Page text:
This is supposed to be a Honda-oriented blog, but you can’t talk about the Honda Indy 200 at Mid-Ohio last week without talking about Sage Karam.
Going into the race weekend, Penske’s Juan Montoya was leading the points race with Graham Rahal second, 42 points behind, and Ganassi’s Scott Dixon six points behind Rahal.
To understand what happened in the race it is helpful to understand something about bicycle racing. That is: racing is a team sport. And you do what you can to help the team leader. In this case Montoya is the Penske team leader at this point in the season. While Dixon is the Ganassi leader. Rahal is on his own. Or is he? We’ll talk more about that in a bit.
First, let’s look at qualifying. In the first group, Ganassi’s Sage Karam seemingly went out of his way to ruin Rahal’s best lap, relegating him to 13th on the grid. On a track where it is Difficult to pass. Montoya ended up 10th, and Scott Dixon was on the pole. Rahal was incensed, to put it mildly. The stage was set for Dixon to win the race, take second from Rahal and pull within 11 points of Montoya for the Driver’s Championship with two races to go.
But that assumed that there would be no yellow flags.
Because they were both buried in the pack, Montoya and Rahal pitted earlier than the leaders, playing for a yellow flag that would vault them ahead of the front runners, including Dixon. And on lap 22, Stefano Colletti tore a piece off the rear of Takuma Sato’s Honda Aerokit, leaving a big ol’ piece of carbon fiber in the middle of the racing line.
That yellow flag put Montoya in first place, Rahal in third with Andretti’s Justin Wilson, who also pitted early, close behind.
The race stayed green with Montoya first, Rahal third and Dixon moving up to seventh. Then Dixon pitted on lap 63, dropping back to 12th. Then Karam, his teammate, lost control of his car at turn 4-5 and kills the engine in the middle of the track causing a yellow.
Luckily for Rahal, he and Penske’s Simon Pagenaud (who was “covering” Rahal in bicycle-racing terms) ducked into the pits in the nick of time before they were closed (any time there is a full course caution in Indycar they close the pits). The resulting cycle of pit stops moved Rahal to first, Wilson to second, Pagenaud to third, Dixon to fourth and Montoya to 12th. It also immediately raised a lot of eyebrows. Had Sage Karam caused a yellow on purpose so that Dixon could close up in his fight for the Driver’s Championship?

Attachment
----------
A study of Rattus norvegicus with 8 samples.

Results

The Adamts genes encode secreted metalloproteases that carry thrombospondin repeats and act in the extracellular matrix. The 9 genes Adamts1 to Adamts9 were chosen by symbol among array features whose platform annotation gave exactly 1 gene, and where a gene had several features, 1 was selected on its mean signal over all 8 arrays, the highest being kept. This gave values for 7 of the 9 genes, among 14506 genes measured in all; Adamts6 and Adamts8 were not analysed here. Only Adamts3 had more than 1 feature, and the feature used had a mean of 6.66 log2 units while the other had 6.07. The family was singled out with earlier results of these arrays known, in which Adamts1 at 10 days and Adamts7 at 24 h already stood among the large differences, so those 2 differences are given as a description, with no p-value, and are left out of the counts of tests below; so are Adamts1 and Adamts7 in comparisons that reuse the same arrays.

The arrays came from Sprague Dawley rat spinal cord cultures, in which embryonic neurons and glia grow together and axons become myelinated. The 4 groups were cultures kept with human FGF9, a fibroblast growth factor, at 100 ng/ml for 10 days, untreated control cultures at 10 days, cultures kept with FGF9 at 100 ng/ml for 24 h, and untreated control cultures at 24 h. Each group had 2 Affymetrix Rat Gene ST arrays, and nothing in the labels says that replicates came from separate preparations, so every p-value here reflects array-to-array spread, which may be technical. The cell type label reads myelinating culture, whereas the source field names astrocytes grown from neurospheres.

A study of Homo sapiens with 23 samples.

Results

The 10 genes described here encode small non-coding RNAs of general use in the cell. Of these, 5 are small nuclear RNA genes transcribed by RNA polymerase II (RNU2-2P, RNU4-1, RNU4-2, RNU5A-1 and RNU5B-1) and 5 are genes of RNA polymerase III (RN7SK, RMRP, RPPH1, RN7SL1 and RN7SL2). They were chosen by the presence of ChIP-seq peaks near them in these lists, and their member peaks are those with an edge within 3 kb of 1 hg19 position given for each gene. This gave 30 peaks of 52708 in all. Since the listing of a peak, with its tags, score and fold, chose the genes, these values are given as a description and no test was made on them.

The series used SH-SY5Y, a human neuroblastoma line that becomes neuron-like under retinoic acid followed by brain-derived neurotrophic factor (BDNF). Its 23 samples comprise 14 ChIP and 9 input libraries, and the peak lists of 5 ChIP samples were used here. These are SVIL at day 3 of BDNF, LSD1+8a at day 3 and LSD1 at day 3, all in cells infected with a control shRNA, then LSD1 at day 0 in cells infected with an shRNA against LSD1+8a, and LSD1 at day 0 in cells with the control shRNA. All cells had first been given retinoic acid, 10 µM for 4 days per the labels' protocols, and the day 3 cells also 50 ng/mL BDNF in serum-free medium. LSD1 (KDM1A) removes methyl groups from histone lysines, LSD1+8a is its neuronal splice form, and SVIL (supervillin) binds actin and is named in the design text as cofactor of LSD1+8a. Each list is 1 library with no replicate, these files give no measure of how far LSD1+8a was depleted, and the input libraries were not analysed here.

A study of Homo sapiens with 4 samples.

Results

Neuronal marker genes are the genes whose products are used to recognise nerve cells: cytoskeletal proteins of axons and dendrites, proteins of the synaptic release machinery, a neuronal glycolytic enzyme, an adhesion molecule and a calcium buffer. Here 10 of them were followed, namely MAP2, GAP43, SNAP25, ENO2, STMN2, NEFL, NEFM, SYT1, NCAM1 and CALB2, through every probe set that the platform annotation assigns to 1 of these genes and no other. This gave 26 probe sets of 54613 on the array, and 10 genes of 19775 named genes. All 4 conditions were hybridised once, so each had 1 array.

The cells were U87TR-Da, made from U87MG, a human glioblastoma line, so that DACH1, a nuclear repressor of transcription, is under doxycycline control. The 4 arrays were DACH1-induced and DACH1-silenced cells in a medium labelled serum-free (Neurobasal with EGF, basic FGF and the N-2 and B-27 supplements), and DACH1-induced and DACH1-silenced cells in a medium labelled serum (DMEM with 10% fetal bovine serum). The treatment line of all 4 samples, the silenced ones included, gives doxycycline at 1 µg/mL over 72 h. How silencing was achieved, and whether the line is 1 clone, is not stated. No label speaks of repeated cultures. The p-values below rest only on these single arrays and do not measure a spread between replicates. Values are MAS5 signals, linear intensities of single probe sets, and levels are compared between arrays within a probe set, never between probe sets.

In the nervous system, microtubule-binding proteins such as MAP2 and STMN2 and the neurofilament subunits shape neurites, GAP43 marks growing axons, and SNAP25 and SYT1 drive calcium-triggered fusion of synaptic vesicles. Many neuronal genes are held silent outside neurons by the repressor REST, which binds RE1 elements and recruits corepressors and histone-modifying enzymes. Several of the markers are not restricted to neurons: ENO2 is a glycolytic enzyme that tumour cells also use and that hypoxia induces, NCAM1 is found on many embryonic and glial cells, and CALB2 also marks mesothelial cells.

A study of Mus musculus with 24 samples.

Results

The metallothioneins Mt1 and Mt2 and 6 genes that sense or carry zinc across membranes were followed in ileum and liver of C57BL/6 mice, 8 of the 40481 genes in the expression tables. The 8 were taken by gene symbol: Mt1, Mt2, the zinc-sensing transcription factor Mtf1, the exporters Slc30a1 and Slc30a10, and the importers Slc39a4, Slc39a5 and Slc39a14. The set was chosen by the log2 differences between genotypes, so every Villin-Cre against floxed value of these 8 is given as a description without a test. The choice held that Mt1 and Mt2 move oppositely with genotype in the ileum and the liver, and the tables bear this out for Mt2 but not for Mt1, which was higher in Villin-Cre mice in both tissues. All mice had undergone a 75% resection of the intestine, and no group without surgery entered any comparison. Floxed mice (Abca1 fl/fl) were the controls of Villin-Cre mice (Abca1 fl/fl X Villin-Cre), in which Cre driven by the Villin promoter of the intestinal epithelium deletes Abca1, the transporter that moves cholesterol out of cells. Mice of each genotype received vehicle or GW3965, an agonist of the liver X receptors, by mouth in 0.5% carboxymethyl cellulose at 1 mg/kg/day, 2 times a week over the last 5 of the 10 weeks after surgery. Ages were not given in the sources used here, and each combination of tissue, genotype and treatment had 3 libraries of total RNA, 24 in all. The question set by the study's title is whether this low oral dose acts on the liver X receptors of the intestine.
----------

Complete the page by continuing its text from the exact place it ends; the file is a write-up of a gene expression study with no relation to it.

Judge for yourself. The spin is at 1:33 of this video:
(NOTE: Indycar eventually ruled that there was no conclusive evidence of wrong doing by Ganassi. Montoya’s comment after the race: “Karma’s a bitch.”)
So then Rahal had the lead with 20+ laps to go, but he also had Pagenaud trying to push him off the lead so that his teammate (Montoya) retained a cushion in the race for the Driver’s Championship. And Dixon was trying to win the race so that he could close on Montoya. But what about Wilson in Second? Who’s side was he on? What was his agenda?
Well the rumor is HPD is helping pay for Wilson’s ride with Andretti for the rest of the season, in order to help HPD develop the package for all the teams, including Rahal’s. And when Wilson found himself in second place to Graham Rahal, HPD’s title contender and Wilson’s former teammate at Newman-Haas, his job became making sure that neither Pagenaud nor Dixon threatened. His job was to play the role of “domestique”, especially appropriate for someone who does as much cycling as Wilson does.
So, how come Wilson pulled ahead on the last restart (1:57 of the above video)? The way I saw it, Wilson was pulling along side of Rahal to block the outside lane of the track leading into the only good passing opportunity. When they got to the corner, Wilson politely tucked in behind and the race was over.
Rahal is now 9 points behind Montoya with two races to go, and 25 ahead of Dixon. We’ll see who helps Rahal and how effective his “team” will be. FYI: The Pocono race is worth 50 points to the winner, and the Sonoma finale is worth 100. So if Rahal finishes ahead of Montoya in both races, he has a damned good shot at winning the Driver’s Title.
For those of you not keeping score, after a terrible start, Honda has won three of the last four Indycar races. And miraculously has a driver in the hunt for the Driver’s Championship.